FILE – In this May 18, 2019, file photo, Democratic presidential candidate Sen. Elizabeth Warren, D-Mass., speaks at a house party campaign stop in Rochester, N.H. Rising disagreement among congressional Democrats over whether to pursue impeachment of President Donald Trump has had little effect on the party’s presidential candidates, who mostly are avoiding calls to start such an inquiry. (AP Photo/Robert F. Bukaty, File)
To be sure, Sen. Elizabeth Warren (D-MA) dealt some serious blows to former New York Mayor Michael Bloomberg in last night’s Democratic presidential debate. In fact, her attacks were so effective that politicos have been wondering if he still has a shot at the nomination.
CNN’s Van Jones told colleagues that “Bloomberg went in as the Titanic — billion-dollar-machine Titanic. Titanic, meet iceberg Elizabeth Warren.”
In what was one of Warren’s most memorable soundbites, she said, “I’d like to talk about who we’re running against: a billionaire who calls women ‘fat broads’ and ‘horse-faced lesbians.’ And no, I’m not talking about Donald Trump. I’m talking about Mayor Bloomberg.”
Journalist Judd Legum tweeted: “Warren’s dismantling of Bloomberg over his treatment of women was one of the most precise and devastating political attacks I have witnessed in twenty years of following this stuff.”
Time of death: 9:45p. pic.twitter.com/ybN6MuZpQd
— Chris Geidner (@chrisgeidner) February 20, 2020
So, will Warren’s well-delivered swings against Bloomberg give her flagging campaign a much needed boost?
She will be disappointed to hear that The National Review’s Andy McCarthy and Fox News’ Brit Hume say ‘probably not.’
McCarthy tweeted on Thursday that “I get that comparisons to GOP 2016 can be overdone. But when Christie demolished Rubio, it didn’t make voters like Christie any better. It shredded much of credible opposition to Trump juggernaut. Doubt Warren will get much bounce out of clobbering Bloomberg. Bernie’s night.”
Shortly afterward, Hume, responding to McCarthy’s comment wrote: “It’s possible to damage another candidate with attacks, but it’s not easy to look good doing it. Often the beneficiary ends up not being the attacker. I think Andy’s doubts are well-founded.”
It’s possible to damage another candidate with attacks, but it’s not easy to look good doing it. Often the beneficiary ends up not being the attacker. I think Andy’s doubts are well-founded. https://t.co/pfE5PNhiKj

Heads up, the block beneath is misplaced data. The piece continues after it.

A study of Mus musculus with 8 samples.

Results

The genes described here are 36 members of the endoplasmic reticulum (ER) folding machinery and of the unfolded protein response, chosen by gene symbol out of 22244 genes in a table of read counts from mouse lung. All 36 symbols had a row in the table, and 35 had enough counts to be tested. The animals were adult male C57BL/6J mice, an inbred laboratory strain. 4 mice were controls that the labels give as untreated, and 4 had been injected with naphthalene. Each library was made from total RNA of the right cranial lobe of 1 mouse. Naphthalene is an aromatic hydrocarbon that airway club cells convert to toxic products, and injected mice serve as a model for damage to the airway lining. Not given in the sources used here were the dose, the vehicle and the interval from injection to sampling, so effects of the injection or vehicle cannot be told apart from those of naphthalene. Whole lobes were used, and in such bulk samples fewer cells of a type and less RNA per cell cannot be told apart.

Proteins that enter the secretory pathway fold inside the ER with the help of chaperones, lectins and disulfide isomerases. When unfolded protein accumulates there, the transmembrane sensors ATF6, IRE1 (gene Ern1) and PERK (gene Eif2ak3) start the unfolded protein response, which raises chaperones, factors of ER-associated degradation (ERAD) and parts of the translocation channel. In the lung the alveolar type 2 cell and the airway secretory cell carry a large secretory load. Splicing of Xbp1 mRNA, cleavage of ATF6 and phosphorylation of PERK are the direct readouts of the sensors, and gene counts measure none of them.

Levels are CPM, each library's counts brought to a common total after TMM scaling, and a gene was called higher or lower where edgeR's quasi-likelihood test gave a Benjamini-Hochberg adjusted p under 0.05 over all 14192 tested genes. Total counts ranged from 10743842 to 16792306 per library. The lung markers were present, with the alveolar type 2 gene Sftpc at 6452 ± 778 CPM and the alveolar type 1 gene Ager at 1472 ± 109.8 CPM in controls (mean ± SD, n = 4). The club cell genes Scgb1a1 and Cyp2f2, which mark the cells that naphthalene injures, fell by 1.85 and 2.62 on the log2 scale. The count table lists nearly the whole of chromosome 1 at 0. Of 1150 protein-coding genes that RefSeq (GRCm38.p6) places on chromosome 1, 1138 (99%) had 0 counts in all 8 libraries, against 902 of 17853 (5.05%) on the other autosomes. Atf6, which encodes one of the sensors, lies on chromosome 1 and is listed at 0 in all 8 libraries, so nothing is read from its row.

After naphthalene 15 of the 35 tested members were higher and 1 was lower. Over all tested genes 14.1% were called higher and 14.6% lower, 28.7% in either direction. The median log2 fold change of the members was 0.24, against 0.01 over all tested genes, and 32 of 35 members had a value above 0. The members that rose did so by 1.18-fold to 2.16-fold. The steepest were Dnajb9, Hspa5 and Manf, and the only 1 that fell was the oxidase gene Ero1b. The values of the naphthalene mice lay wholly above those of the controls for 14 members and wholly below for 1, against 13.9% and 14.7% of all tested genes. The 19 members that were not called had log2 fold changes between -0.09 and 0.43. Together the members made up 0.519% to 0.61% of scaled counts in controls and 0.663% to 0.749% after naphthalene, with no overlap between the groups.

— Brit Hume (@brithume) February 20, 2020
Some of you may recall the exchange (in the clip below) between GOP presidential candidates Gov. Chris Christie (NJ) and Sen. Marco Rubio (FL). Christie absolutely humiliated Rubio during a February 2015 debate after a week in which Rubio had climbed in the polls by about eight points. Christie attacked him over his “memorized 30-second speech where you talk about how great America is…doesn’t solve anything.”
Unbelievably, when it was Rubio’s turn to speak, he launched into another memorized 30-second speech, and Christie interjected, “See, see, he’s doing it again.” The crowd began to boo Rubio.
This incident broke Rubio’s momentum and shortly after Super Tuesday, about a month after the exchange had taken place, Rubio withdrew from the race.
Christie, whose support had never gone higher than 5%, ended his candidacy one week after the attack. His support had fallen to 3%.
Then candidate Donald Trump was the beneficiary.
In the case of Elizabeth Warren’s attacks on Bloomberg, there may actually be multiple beneficiaries. I hesitate to call any of the candidates in the current Democratic field moderates, so I’ll call them “candidates who are less progressive than Bernie Sanders.” Supporters who had previously favored Bloomberg will likely support a candidate from this group rather than Sanders.
If Sanders were to win the Democratic nomination, Warren’s efforts would ultimately help Trump.
Unfortunately for Warren, she will probably not benefit.